A national association recently awarded Dr. Peter Hayden the inaugural “Diversity, Inclusivity and Racial Equity Award” for pioneering cultural-specific treatment with the Minneapolis-based organization he co-founded. Thanks to his Turning Point, communities of color now have alternatives to previous culturally insensitive approaches to substance use disorders.
It’s been over 50 years since President Richard Nixon declared the disastrous “War on Drugs” that would disproportionately criminalize Black Americans, and yet drug overdose deaths are at record highs. In 2020, according to a recent report by the Pew Research Center, 92,000 Americans died of drug overdoses.
While overdose death rates have increased in every major demographic group in recent years, no group has seen a bigger increase than Black men. As a result, Black men have overtaken White men and are now on par with American Indian or Alaska Native men as the demographic group most likely to die from overdoses.
Despite this, there are relatively few substance disorder treatment programs geared towards Black communities. Even fewer are Black-led, according to Peter Hayden, Ph.D., making his organization Turning Point, Inc. one of few of its kind in the nation.
The Minneapolis-based agency was recently recognized by the National Association of Addiction Treatment Providers (NAATP) for providing culturally responsive care to over 24,000 people over the course of its 46 years of existence.
“With communities of color experiencing significant disparities in access to quality culturally competent care, as well as addiction outcomes, organizations like Turning Point and leaders like Dr. Hayden are crucial to the nation—not only because of the direct care they provide but because of the experience they have to share with the rest of health care,” said Dr. Joseph Lee, president, and CEO of the Hazelden Betty Ford Foundation, in a Feb. press release.
The Minnesota-based Hazelden, the nation’s largest nonprofit provider of addiction treatment, began collaborating with Turning Point last year to increase access to quality care. Initially formed to serve African Americans specifically, Turning Point now offers culturally specific treatment to people of all backgrounds.
In 2015, the University of Minnesota heralded Turning Point’s model as an industry best practice. As such, the NAATP is naming the inaugural “Diversity, Inclusivity and Racial Equity Award” after Hayden. The award will be presented at the NAATP national conference to be held May 7-9 in San Diego.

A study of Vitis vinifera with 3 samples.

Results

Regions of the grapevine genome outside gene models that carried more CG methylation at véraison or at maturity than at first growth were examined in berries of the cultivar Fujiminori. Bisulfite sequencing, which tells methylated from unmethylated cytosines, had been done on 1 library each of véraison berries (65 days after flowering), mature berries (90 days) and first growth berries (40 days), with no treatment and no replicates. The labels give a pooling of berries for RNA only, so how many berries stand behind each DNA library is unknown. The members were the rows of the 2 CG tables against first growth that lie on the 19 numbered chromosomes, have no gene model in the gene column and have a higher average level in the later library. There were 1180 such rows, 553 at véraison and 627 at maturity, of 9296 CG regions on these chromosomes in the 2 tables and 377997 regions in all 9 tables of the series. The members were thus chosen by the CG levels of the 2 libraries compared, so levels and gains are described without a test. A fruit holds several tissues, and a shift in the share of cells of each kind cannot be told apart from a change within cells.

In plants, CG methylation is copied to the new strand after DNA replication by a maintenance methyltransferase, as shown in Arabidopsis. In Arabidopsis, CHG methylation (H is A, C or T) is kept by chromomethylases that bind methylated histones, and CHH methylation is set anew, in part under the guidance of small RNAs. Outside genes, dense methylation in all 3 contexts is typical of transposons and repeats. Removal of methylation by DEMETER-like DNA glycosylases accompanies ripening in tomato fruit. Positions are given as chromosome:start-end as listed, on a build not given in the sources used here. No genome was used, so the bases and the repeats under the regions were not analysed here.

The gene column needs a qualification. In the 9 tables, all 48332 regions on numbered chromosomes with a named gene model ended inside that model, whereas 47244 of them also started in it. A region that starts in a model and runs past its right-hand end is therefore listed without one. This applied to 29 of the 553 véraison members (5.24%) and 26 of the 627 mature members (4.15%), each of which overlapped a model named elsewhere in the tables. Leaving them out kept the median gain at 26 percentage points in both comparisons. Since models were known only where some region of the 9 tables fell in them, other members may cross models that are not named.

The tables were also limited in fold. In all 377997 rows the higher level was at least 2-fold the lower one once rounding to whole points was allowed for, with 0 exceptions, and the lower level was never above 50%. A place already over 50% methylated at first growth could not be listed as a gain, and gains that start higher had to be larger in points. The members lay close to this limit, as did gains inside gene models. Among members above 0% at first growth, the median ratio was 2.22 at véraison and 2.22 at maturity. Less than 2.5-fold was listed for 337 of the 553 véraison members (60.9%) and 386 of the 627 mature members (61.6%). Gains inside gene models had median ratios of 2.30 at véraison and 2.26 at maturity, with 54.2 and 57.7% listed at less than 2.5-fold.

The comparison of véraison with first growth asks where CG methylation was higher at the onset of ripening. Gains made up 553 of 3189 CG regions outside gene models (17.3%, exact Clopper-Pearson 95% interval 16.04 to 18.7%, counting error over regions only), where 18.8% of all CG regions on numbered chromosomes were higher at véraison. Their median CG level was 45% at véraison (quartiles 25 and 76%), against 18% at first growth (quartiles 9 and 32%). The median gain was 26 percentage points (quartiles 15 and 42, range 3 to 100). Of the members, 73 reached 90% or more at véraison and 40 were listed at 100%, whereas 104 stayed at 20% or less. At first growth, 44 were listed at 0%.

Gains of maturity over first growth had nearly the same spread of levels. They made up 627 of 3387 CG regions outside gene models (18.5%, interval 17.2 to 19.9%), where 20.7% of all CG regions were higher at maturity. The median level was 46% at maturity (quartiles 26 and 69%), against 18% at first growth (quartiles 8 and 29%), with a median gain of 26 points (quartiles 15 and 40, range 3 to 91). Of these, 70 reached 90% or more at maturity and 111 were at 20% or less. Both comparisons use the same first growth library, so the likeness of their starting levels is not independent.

“Dr. Hayden’s leadership and community-centric approach have had a monumental impact not only on Turning Point’s programming and clients but also on the professionals throughout the country who see him as a leader and inspiration for the work they do,” said Marvin Ventrell, CEO of NAATP. “Turning Point’s grassroots efforts are a model for best practices in culturally specific substance use disorder treatment, and we are pleased to honor Dr. Hayden’s vital legacy for years to come.”
For Hayden, Turning Point’s success is rooted in his own quest for sobriety. He credits the community for supporting him in this quest.
Pioneering Black sobriety in MN
When Hayden moved from Kansas City, Mo., to attend the University of Minnesota decades ago, he “didn’t come in a good situation,” he said. He was drinking a lot of alcohol and ended up living on the streets until he enlisted in the army. His addiction worsened while he served in the Vietnam and Korean wars.
Hayden said his life turned around after a fateful accident sent him to treatment, but he soon realized there was an issue. The program was operated primarily for and by White people; the few Black and Indigenous people in treatment with him did not stay sober.
“What I had to do then is buy into the system. So all my friends were White because I wanted to stay sober. For those seven years, I did whatever it took, aside break the law, to stay sober. That didn’t make me feel good because I wasn’t with people who look like me,” Hayden said.
In response, Hayden, along with Peter Bell, Jim Bransford, and other Black people from St. Paul and Minneapolis, started the first Black AA group in the state of Minnesota, adding Afrocentric supplements to the standard 12-step program.
In 1976, Hayden and his friend Henry Sullivan also co-founded Turning Point, which initially started as a co-ed halfway house serving 16 people, with a $25,000 grant. The group continued to support each other and the community in sobriety, relying on guidance from elders.
Turning Point continues to evolve to address the needs of the community, over time developing eight facilities across the Twin Cities with offerings like residential and outpatient treatment, low-income family housing, and community space.
Today, they are focused on increasing access to culturally specific care at other agencies, Hayden said. “There will always be more White people treating Black people than Black people… So now what we do is, we train everybody how to work with African American men and women.”
Hayden said Turning Point’s model—and culturally specific care—looks at a person holistically. This means building their foundation: supporting them with housing, employment, education, and family counseling among other things, which is beyond what typical substance disorder treatment programs offer.
Much of it centers around community. “One day, one step at a time. That’s all you can do,” Hayden tells people. “And then getting to those people who have chosen to get into treatment and change their life, give them all the support you can.”
To talk about any issue and seek help for relatives or community members, Hayden recommends contacting Turning Point at 612-448-9318 or ourturningpoint.org.
Feven Gerezgiher is a contributing writer at the Minnesota Spokesman-Recorder.